No one would argue that the Internet has revolutionised shopping. Any retailer who has not cottoned on to this fact is missing out on an important and highly profitable revenue stream. But new EU proposal are threatening the success of the internet as a retail resource.
A European Commission proposal on contractual arrangements affecting companies selling on the internet will require online retailers to adhere to the 27 different sets of consumer protection laws in each EU member state.
The FSB has raised concerns that the regulation, while costing UK firms millions of pounds in legal advice, could also prevent many companies from providing online information about their prices and products.
The FSB maintains that even though the UK has opted out of this area of EU legislation it will still apply to UK firms that sell in those countries that have opted in.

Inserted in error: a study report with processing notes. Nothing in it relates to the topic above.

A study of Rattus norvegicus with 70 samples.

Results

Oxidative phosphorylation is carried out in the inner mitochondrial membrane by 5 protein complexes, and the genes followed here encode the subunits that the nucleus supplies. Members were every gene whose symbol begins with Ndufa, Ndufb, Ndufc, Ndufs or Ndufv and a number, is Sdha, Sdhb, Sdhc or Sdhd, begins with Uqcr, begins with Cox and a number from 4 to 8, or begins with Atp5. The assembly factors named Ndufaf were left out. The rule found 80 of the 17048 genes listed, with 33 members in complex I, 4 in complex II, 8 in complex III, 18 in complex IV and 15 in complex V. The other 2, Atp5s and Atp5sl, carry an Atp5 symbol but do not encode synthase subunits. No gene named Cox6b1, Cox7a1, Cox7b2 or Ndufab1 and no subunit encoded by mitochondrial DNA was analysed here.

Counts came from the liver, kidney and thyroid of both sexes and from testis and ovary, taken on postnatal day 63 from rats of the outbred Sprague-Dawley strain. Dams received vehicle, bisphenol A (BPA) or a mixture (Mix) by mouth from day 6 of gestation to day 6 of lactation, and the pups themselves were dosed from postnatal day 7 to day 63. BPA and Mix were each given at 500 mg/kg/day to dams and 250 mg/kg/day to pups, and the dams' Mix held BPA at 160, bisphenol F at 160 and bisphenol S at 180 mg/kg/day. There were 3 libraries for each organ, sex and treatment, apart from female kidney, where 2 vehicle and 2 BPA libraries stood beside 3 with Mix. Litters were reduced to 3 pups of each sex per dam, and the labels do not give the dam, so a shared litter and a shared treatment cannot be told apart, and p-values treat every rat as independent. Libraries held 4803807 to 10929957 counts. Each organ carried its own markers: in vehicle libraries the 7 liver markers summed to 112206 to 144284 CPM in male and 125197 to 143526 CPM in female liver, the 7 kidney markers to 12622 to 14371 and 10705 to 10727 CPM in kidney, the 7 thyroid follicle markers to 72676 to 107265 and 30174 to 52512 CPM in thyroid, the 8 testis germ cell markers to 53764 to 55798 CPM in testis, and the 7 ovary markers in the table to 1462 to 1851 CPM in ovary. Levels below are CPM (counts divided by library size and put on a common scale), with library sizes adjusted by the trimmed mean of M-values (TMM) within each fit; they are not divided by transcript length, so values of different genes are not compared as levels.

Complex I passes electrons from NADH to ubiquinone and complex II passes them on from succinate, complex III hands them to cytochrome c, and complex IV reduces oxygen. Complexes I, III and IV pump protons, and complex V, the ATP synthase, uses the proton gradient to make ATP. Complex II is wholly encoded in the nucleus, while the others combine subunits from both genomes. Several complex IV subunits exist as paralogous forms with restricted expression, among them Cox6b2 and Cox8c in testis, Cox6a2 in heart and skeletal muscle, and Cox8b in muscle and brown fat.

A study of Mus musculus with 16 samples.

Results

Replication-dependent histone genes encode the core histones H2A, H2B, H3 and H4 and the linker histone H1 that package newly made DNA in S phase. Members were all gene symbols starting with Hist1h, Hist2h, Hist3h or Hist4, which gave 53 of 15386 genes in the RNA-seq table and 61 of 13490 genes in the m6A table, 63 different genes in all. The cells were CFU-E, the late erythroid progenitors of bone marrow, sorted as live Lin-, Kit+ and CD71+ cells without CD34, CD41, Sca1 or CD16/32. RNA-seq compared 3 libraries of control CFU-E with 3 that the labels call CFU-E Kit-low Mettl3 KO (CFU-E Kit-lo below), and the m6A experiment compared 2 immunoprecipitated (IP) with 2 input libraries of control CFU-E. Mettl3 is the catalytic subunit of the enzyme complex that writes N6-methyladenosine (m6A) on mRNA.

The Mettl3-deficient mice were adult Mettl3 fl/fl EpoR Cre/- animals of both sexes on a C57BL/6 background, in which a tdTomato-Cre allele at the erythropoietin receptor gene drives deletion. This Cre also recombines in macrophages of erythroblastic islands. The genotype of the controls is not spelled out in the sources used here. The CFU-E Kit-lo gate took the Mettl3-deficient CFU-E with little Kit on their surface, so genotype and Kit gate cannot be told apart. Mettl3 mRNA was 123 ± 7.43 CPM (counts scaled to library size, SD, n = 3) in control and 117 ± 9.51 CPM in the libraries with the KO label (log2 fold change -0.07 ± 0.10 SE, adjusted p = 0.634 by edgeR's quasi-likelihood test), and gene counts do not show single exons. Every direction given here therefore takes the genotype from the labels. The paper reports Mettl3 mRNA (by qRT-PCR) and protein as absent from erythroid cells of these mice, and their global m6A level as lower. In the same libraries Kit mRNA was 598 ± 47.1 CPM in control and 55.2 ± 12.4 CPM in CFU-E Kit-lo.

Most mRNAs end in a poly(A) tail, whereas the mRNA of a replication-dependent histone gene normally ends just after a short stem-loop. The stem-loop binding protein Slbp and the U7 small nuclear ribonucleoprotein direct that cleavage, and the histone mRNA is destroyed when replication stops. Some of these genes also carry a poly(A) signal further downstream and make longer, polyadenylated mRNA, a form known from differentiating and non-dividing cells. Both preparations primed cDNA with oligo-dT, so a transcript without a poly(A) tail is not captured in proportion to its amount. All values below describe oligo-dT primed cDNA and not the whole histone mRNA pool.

"This proposal would send shopping back into the dark ages. It is short-sighted and does not assist consumers – it restricts their choice," said Tina Sommer, EU affairs spokesman for the FSB.
"To introduce these proposals would force many businesses to remove information from their websites. They would not be able to afford specialised legal advice to understand consumer laws in every EU member state," she added.
"We speak on behalf of our members who are also consumers, many are self-employed, and so buy as individuals. This proposal does not protect buyers; it merely adds to the EU red tape burden and returns us to the pre-internet burden. The EU needs to think again."